What does the law say about how to split the house, how to share pensions and other assets, and how much maintenance is payable.

What steps can we take to reach a fair agreement?

The four basic steps to reaching an agreement on divorce finances are: disclosure, getting advice, negotiating and implementing a Consent Order.

What is a Consent Order and why do we need one?

A Consent Order is a legally binding document that finalises a divorcing couple's agreement on property, pensions and other assets.

  • dominoo's Avatar Posted by
  • Senior Member
  • Senior Member
12 Jun 12 #336366 by dominoo
Topic started by dominoo
I have represented myself in Court and now have Consent Order which instucts lump sum to ex by 20th of this month, whereupon he will provide agreement via his solicitor to transfer the equity of FMH into my sole name (not sure what I need from his solicitor to confirm this will happen but it is in the Court order so thought that it cannot be reneged upon). My intentions were to send the money, get the mortgage redeemed via life policy in joint names of which ex has to have half but I am still awaiting his authority to surrender life policy!!!.Hence deeds to mortgage should be sent to me whereupon I can engage a solicitor (don''t have one at the moment but can you suggest one please)and hopefully get the transfer done. Can you let me know if this is okay to do this way or could there be pitfalls by not taking on a solicitor now.

  • TBagpuss
Reply from TBagpuss
I suggest you speak to a solicitor sooner rather than later. They can look at the wording of the order to chekc what you need, and can out in hand the transfer of the property. If the mortgage is being trasnferred to you then you are likely to need to get a form from the lender for your ex to sign, confirming that they consent to the transfer.

If you are planningto use the endowment policy then it would be sensible to tell your ex''s solcitor this so he knows that he won''t be released from the mortgage until he signes the paperwork for the endowmnet policy to be surrendered.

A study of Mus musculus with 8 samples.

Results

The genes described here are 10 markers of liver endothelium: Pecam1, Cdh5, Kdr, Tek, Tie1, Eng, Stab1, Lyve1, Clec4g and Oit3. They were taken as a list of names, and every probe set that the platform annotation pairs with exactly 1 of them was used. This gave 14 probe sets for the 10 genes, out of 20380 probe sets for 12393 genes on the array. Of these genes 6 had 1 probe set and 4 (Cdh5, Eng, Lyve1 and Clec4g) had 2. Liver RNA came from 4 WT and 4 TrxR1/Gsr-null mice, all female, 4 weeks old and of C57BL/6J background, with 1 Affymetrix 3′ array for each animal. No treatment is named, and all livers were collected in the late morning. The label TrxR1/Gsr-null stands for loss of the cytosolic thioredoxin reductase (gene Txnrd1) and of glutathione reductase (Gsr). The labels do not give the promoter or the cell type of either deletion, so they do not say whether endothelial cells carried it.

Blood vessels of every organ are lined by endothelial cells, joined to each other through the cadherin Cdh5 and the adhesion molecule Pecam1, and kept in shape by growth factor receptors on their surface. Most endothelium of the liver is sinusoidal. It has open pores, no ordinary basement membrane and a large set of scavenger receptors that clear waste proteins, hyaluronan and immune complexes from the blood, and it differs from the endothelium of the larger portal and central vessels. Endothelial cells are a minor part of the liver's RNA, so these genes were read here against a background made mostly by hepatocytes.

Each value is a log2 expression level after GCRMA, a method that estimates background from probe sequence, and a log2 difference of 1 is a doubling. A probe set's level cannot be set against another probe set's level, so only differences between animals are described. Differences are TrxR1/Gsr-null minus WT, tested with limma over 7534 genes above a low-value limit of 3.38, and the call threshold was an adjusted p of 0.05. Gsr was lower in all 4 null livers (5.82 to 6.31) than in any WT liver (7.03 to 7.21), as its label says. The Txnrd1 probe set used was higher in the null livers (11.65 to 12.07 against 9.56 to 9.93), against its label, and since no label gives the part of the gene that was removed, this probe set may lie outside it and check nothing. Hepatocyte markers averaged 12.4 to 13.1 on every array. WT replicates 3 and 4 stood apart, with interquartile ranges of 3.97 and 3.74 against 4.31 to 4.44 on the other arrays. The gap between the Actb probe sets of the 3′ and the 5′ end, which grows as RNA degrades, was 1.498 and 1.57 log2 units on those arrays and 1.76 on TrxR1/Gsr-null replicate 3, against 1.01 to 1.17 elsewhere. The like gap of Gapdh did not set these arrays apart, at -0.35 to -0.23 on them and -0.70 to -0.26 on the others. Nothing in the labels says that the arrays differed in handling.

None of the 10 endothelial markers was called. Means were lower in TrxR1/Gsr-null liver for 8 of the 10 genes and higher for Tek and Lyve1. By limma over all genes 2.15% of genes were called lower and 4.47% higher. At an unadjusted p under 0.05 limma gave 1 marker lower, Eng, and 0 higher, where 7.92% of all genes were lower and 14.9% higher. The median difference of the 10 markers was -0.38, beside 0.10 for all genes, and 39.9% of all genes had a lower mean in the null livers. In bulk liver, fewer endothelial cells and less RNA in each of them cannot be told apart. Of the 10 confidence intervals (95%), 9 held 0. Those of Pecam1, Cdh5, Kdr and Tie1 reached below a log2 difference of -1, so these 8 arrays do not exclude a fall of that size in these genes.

Most orders provide for the trasnfer of the hoseu and the payment of any lump sum to happen simultaneously - like any other house purchse, so it would be unusual to pay the money first and not deal with the transfer until afterwards, but this may depend on the wording of your order. If you get a solicitor involved it may be possible to get a trasnfer deed signed by your ex to transfer the property before you pay the money to him, even though it may not be possible to actually complete the sale until you''ve sorted out the endowment etc.

  • dominoo
  • dominoo's Avatar Posted by
  • Senior Member
  • Senior Member
14 Jun 12 #336807 by dominoo
Reply from dominoo
Yes on re-reading the wording of the order what you have indicated seems to be correct. Only problem is I think I am cutting things fine as the Court order stipulates the monies must be paid to the respondent with 56 days of the order (i.e. this Wednesday 20th). Not sure I will be able to sort something out quick - any suggestions to try and find out about doing the transfer deed myself or if I did manage to see a solicitor on Monday could they do it immediately? Not sure how long this kind of thing takes? What happens if I don''t make the payment? Can his solicitor charge interest?Should I ring the Court up to explain?

  • .Charles
15 Jun 12 #336822 by .Charles
Reply from .Charles
The court will not be interested in your case unless your ex applies to enforce the order as the court has already dealt with your case.

Sorting everything out that you need within the current timescale is unlikely. You are better off containing your ex''s solicitor and telling them that the timescale is too short as you now realise that there are various arrangements to make prior to the implementation of the terms of the order. Whilst writing, you should specify what you require from your ex e.g. signing of various documents.

Unfortunately, interest is normally payable when you default on an order to pay money. Generally, you calculate the daily interest rate and add on the appropriate amount when you finally pay the money. Not all recipients ask for interest though so don''t roll over straight away!